House Oversight Committee Holds Hearing On Status Of Federal Government IT

King & Spalding

On March 14, 2018, the House Committee on Oversight and Government Reform brought senior federal officials together to testify about the current state of federal government IT and modernization plans. The hearing featured David Powner, the Director of IT Management Issues at the Government Accountability Office (“GAO”), Margaret Weichert, the Deputy Director for Management at the Office of Management and Budget (“OMB”), Bill Zielinski, the Deputy Assistant Commissioner of the IT Category at the General Services Administration (“GSA”), and Jeanette Manfra, the Assistant Secretary for the Office of Cybersecurity and Communications at the Department of Homeland Security (“DHS”). The hearing, jointly convened by the Oversight Committee’s Subcommittees on IT and Government Operations, also covered the implementation of the Modernizing Government Technology Act (“MGTA”) and other initiatives designed to ensure federal government IT systems are up to date.

IT Subcommittee Chairman William Hurd (R-TX) gave opening remarks about improvements in the federal IT landscape and areas where the government still has work to do. Chairman Hurd noted that “modernization has gained momentum from Trump Administration initiatives like establishing the Office of American Innovation, releasing an IT modernization report, and retaining good ideas from the previous Administration, including the U.S. Digital Service.”  Chairman Hurd stated that the government must also “rethink how we structure the federal workforce to ensure the federal government has access to smart, well-trained IT and cybersecurity professionals” and expressed concerns about “open, lingering vulnerabilities.”

Mr. Powner focused on the GAO’s assessment of federal agencies’ management of IT acquisitions and improvements. Mr. Powner stated that, in the past, agencies have strayed from best practices in IT acquisitions—noting, for instance, the cancellation of the Department of Defense’s Expeditionary Combat Support System in 2012 after over $1 billion was spent—and he highlighted the positive impact of the Federal IT Acquisition Reform Act of 2014 (e.g., through increased transparency in federal IT investments). Mr. Powner also described the modernization objectives of the MGTA, which authorizes funding for transitions from legacy federal IT systems.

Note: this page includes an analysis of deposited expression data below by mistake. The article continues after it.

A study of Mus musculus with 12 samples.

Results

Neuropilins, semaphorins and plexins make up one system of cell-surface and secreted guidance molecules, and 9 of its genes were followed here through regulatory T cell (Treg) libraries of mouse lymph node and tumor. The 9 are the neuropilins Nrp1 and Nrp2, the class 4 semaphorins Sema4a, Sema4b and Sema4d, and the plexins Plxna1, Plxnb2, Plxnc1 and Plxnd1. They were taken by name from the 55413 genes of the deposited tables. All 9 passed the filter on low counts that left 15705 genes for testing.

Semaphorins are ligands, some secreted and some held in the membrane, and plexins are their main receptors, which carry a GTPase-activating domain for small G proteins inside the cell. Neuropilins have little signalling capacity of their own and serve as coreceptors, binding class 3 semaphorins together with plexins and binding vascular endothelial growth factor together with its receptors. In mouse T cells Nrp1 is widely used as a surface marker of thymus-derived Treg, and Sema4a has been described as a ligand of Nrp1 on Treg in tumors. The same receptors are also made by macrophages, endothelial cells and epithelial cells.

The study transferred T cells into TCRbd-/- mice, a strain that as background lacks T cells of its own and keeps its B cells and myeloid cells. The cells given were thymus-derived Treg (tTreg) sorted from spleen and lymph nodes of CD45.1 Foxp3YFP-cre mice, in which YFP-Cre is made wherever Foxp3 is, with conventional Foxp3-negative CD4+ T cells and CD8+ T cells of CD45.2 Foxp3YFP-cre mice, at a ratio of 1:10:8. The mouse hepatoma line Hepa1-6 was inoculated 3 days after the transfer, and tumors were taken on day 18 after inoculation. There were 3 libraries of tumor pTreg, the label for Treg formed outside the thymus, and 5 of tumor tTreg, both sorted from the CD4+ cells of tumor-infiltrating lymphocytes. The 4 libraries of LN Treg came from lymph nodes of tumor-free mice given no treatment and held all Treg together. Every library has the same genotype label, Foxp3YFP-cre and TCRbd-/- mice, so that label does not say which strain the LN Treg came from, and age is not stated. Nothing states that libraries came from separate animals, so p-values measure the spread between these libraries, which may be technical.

Ms. Weichert emphasized the importance of modernizing federal IT processes, as well. She stated that IT modernization is a pillar of the soon-to-be-released President’s Management Agenda. Weichert noted that modernization “is the essential backbone of how Government serves the public in ways that meet its needs, while keeping sensitive data and systems secure and private.”  She added that modernizing IT will support the other pillars of the President’s Management Agenda, i.e., modernizing the federal workforce and improving transparency and accountability. Ms. Weichert described a few specific ways OMB is contributing to IT modernization efforts, such as “developing policies to reduce agency reporting burdens and to securely deploy a modern IT infrastructure.”

Mr. Zielinski testified about the importance of IT modernization initiatives and how GSA works closely with other agencies to facilitate modernization. For example, GSA reviews federal IT spend with OMB and has partnered with DHS and the National Institute of Standards and Technology to develop a “Highly Adaptive Cybersecurity Services acquisition solution,” which is a method of procurement that “provides agencies with access to qualified providers of IT security capabilities to improve agency security posture on High Value Assets.”  Mr. Zielinski further explained how GSA administers a fund established by the MGTA to improve IT and upgrade cybersecurity throughout the federal government.
Ms. Manfra of DHS stated that “cyber threats remain one of the most significant and constant strategic risks for the United States, putting our national security, economic prosperity, and public health and safety at risk.”  Ms. Manfra described how DHS is contributing to the IT modernization campaign, emphasizing that cybersecurity must remain at the heart of all new IT services. She noted that, for example, “as federal agencies begin to leverage cloud computing and mobile technologies … security solutions need to evolve” and that the federal government must “work quickly to replace legacy IT.”

Together, the witnesses provided a detailed update on modernization efforts across the federal IT landscape. Companies and individuals working with federal agencies should closely monitor these developments as they unfold to ensure that relevant IT systems are aligned whilst keeping data secure.

DISCLAIMER: Because of the generality of this update, the information provided herein may not be applicable in all situations and should not be acted upon without specific legal advice based on particular situations.